OVD, Bev-ED and other connections

By Tim Raetzloff | Jun 27, 2018

A few years ago, I was looking through microfiche copies of the Everett Herald in the Everett Library. Margaret Riddle and Dave Dilgard were historians as well as keepers of the history. Neither is there any more – Margaret retired a few years ago, and Dave died recently.

I assume the microfiche are still there, and it is sometimes amazing at the information you will stumble across.

For example, did you know that the scandalous “Frisco” swimsuit had reached the East Coast during the winter of 1915-1916 during the usual Florida escape for Northerners from Northeast winters? Everyone was scandalized by the amount of skin that “shameless” women were revealing.

At least the author of the article was scandalized and tried to create a scandal. I wonder what they would think of women's swimsuits today? Anything goes.

I think it was in the same paper – it was certainly the same day at the library – that I found that Snohomish County had a bond issue on the ballot in February 1916 for roads. I don't remember the full amount of the bond issue, but I do remember that $75,000 of the total was for a 9-mile road from Beverly to Edmonds.

I didn't see the result of the election, which would have been in a different issue of the paper, but it must have passed because we still use much of that road from 1916.

We now know that road by various names, but much of it is still in daily use. In Edmonds, it is Olympic View Drive. Some old timers know it as the Snake Trail. Further north, it is known as Bev-Ed Road to most of us, though the map I am looking at calls it Beverly Park Road.

Then it becomes Holly Drive in Everett after you cross Airport Road. Where it crosses under SR 526 (Boeing Freeway) it becomes Casino Road, and ends in Beverly just south of 75th Street SW at Beverly Boulevard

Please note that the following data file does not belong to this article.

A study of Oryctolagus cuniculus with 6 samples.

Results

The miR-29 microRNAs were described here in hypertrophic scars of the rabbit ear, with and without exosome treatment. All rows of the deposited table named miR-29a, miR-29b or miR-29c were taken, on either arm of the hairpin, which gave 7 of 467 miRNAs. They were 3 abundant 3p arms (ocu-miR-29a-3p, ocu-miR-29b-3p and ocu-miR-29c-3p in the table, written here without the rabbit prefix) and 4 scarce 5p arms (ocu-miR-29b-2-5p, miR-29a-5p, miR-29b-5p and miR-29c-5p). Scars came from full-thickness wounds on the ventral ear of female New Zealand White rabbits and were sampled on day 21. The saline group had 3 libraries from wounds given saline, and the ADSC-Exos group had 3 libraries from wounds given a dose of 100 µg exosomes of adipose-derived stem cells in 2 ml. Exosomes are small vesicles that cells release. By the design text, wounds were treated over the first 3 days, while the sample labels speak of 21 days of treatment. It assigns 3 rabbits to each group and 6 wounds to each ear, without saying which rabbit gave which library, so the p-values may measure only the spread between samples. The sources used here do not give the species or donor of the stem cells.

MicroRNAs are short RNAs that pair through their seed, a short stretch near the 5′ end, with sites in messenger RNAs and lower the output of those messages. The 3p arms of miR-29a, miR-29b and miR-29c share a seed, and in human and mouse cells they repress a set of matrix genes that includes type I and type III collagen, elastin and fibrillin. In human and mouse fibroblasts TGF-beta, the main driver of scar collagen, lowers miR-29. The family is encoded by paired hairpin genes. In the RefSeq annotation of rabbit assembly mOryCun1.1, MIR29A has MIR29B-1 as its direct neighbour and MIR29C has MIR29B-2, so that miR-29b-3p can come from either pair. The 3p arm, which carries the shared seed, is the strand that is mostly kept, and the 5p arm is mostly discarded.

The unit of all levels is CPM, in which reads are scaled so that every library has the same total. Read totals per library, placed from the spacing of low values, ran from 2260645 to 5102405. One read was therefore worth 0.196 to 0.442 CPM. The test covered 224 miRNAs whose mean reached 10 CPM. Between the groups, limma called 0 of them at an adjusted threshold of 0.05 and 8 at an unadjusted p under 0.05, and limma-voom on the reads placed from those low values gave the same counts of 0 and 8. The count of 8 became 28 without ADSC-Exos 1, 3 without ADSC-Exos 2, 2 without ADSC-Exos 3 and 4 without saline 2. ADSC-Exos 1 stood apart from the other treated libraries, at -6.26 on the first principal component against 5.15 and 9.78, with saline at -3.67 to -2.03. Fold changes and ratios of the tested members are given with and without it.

The cost of $75,000 seems very low, even by the cost basis of 1916. Part of the saving may be that at least some parts of the road used right-of-way that had been cleared for logging railroads. The Mosher McDonald Lumber Company had been logging the woods of Edmonds and Meadowdale for decades.

The Edmonds Museum has photos of the camp, which was located at just about the location of Dunn Lumber, now on 168th Street SW in Lynnwood near Highway 99.

If you walk up Gunny Sack Hill on SR 99, you can still see where the logging railroad crossed what is now SR 99, at a point about halfway from 168th Street SW to Keeler's Korner. Snohomish County also has old maps that show the logging right-of-way in that area. Further west, it appears that at least parts of Olympic View Drive are built on what was once the Mosher McDonald logging railroad.

Edmonds and Beverly were connected by the new road in 1916.

They are still mostly connected, with a couple of interruptions to the route in Everett. Beverly, itself, though is mostly forgotten. One hundred years ago it was a significant enough place to be the terminus of a major road. Now it is just an intersection in Everett, and has little local identity.

The Mosher McDonald Railroad traveled many places in and around Edmonds. I believe that I can see the remains of old switchbacks in Meadowdale Beach Park where the railroad climbed from its connection to the Great Northern Railway at the Meadowdale depot.

It appears that there may have been a link to the Great Northern at Mosher between Windandtide and Harbour Pointe. I have been told, but have so far found no evidence, that the logging railroad used Fisher Road, and/or Norma Beach Road. Both look likely.

The use of a railroad right of way for a street is not unusual. Many old streets and highways are former railroads. If you ski at Snoqualmie Pass, you have driven the old right-of-way of Milwaukee Road before it moved into the tunnel below the pass that is now a state park trail.

Alaskan Way in Seattle was once Railroad Avenue, and the space was used by at least three railroads. Railroad tracks went onto each of the piers. Railroad Avenue in Edmonds was once occupied by rails.

The use of railroad right-of-way for automobiles began a long time ago, as cars and trucks supplanted the previous form of common transportation. I wish that I would live long enough to see what it may be that supplants the automobile and what use we find for abandoned highways.

We didn't get the flying cars predicted by “Back to the Future” to be the mode of transport in 2015.

I guess I will just have to wait and see what happens next. And the successor to the “Frisco” swimsuit may be dangerous to my heart.